Written by Craig Steven, Edinburgh Caledonia Brewery’s Operation Manager
I first fell in love with this style of beer ironically in Glasgow, where I was studying. I was always more predisposed to ale rather than lager and at that time in the west of Scotland it was certainly a challenge to find beer in its purist cask form. For well-kept cask beer you had to know the right hostelries, and in seeking out and sampling new Scottish brews I first discovered the delight of Caledonian 80 Shilling in Drury Lane.
The year would be around 1989 and I remember the impression it made on me; how tasty it was and such clean malt balanced bittersweet flavours with a dry finish. I later discovered when buying bottles of the beers in Edinburgh that the labeling triumphed the great mellowness’ of the beer. I remember also how distinct the beer was and when spending weekends in Edinburgh visiting friends, it would always be my pint of preference with the Last Post and Greyfriar’s Bobby pubs being frequented. My first love for 80 Shilling was something special for me and I treasured what was a distinct Scottish style and an Edinburgh beer.
The shilling designation was originally about a classification of strength based on the wholesale invoice price. The original 80 Shilling style in the 19th century was one of the lower gravity Scotch ales. The 80 Shilling pale ale style we know today developed post WW1 and became known as Export, destined for England as well as the domestic market. Scottish ale was well renowned for its quality globally and core to this was Edinburgh, which along with Burton On Trent was a fundamental brewing centre of the world. The Scottish style is still regarded globally as the best exponent of malt brewing and indeed many craft brewers in the US and elsewhere now produce this style.
To ensure this iconic style is given the respect it deserves we have partnered with Edinburgh’s most iconic site, Edinburgh Castle, to guarantee this beer stays firmly on the map. We have ensured the shilling will remain within the brand hierarchy but will follow the brand of Edinburgh Castle, which will give the beer the status it richly deserves.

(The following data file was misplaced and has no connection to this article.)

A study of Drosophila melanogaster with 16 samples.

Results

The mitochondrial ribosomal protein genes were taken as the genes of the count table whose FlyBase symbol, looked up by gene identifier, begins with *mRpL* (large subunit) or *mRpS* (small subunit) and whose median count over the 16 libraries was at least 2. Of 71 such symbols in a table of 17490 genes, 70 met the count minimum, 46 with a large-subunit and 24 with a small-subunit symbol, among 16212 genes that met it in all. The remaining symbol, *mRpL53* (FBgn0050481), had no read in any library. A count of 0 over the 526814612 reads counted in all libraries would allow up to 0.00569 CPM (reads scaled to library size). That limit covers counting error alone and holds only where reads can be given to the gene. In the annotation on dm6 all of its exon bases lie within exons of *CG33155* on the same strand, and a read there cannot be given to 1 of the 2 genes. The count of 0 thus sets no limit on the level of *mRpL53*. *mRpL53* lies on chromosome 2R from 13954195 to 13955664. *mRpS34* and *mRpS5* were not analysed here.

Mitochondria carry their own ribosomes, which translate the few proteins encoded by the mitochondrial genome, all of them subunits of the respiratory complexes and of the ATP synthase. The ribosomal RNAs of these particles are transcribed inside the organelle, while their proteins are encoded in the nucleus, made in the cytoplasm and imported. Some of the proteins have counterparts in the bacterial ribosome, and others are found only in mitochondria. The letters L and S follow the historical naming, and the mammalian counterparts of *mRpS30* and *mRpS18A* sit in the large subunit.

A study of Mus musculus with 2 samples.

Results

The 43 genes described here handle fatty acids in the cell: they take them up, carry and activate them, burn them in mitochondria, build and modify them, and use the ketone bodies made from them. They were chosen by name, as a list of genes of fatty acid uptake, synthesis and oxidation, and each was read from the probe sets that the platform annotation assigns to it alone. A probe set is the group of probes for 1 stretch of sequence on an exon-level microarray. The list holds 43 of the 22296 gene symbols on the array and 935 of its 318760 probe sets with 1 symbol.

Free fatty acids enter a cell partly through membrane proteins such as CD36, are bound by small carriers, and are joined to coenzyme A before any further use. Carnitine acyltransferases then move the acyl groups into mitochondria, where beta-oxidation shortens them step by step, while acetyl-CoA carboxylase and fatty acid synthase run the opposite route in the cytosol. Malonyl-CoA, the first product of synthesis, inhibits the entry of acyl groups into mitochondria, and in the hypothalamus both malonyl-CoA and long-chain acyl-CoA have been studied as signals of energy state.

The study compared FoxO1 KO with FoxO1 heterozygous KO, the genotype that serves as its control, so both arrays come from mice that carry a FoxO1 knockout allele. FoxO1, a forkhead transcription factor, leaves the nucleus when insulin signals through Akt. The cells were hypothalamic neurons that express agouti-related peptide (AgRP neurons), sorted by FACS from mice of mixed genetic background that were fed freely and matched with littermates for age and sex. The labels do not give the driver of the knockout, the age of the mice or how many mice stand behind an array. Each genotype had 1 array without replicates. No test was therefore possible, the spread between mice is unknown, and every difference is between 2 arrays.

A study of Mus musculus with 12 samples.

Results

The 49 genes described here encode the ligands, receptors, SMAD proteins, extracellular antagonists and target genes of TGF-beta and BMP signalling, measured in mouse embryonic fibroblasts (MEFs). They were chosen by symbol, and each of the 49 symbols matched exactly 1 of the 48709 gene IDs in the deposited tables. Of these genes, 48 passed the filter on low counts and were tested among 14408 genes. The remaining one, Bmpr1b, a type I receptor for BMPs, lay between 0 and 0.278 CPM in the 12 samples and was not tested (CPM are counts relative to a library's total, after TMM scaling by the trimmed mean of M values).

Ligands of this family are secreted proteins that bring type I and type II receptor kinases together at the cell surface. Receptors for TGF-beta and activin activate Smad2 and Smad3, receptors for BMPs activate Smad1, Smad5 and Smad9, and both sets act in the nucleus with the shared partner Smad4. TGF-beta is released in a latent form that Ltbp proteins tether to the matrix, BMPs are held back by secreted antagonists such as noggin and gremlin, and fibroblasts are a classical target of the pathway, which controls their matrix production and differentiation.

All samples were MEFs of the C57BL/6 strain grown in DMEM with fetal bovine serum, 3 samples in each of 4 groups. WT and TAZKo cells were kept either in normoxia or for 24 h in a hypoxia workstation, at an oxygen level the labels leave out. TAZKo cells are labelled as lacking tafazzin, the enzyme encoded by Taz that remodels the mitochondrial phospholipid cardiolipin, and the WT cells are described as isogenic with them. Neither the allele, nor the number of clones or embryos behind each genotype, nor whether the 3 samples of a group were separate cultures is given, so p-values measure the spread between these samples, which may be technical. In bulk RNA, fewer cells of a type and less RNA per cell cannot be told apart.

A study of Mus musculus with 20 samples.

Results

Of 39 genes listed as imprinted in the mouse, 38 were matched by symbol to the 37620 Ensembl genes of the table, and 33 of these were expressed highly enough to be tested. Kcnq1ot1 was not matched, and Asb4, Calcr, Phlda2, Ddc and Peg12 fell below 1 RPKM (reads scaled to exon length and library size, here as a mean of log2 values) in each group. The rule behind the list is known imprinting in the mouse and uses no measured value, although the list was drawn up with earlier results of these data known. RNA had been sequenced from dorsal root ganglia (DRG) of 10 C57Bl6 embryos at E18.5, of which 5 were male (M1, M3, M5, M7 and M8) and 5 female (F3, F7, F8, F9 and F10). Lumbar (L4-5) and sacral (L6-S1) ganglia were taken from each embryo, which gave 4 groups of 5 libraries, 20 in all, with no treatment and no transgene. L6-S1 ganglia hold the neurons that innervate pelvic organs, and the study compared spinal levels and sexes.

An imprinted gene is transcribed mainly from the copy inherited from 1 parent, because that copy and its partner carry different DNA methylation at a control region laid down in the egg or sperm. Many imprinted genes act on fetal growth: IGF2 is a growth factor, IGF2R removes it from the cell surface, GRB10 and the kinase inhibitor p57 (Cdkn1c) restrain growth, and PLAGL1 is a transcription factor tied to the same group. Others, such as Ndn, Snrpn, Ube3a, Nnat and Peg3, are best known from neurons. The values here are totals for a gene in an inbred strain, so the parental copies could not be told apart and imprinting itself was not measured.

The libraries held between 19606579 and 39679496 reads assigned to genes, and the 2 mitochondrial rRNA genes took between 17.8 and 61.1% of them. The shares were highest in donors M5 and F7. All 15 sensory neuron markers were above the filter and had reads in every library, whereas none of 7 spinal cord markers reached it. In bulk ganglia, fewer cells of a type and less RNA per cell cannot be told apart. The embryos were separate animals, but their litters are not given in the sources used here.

We are also going back to more original thinking and will increase the bitterness in both cask and bottle and use fresh pack full leaf hops. So a reinvigoration of a great beer with a new recipe. In terms of taste I can point to the following we have added to the back label.
Edinburgh Castle 80/- is a beautiful russet brown beer with malty fruity aromas, flavours are of caramel, malt and a good balancing dryness in a soft hoppy finish. We at Caledonian Brewery are proud custodians of a brewery blessed with Victorian ingenuity and we believe are well placed to deliver a beer rich in history and depth of flavour.
In 2015 we will see the year of Food and Drink Scotland being celebrated and the authentic Scottish beer should of course be on the table. The castle itself enjoyed a record year for visitors last year which numbered 1.4 million. Many of those are seeking the genuine Scottish experience and what better way to point them in the right direction but brewing an Edinburgh beer for our outstanding Edinburgh landmark.
Edinburgh Castle beer is available in bottles in the Portcullis & Whisky & Finest Food Shops, give it a try the next time you visit!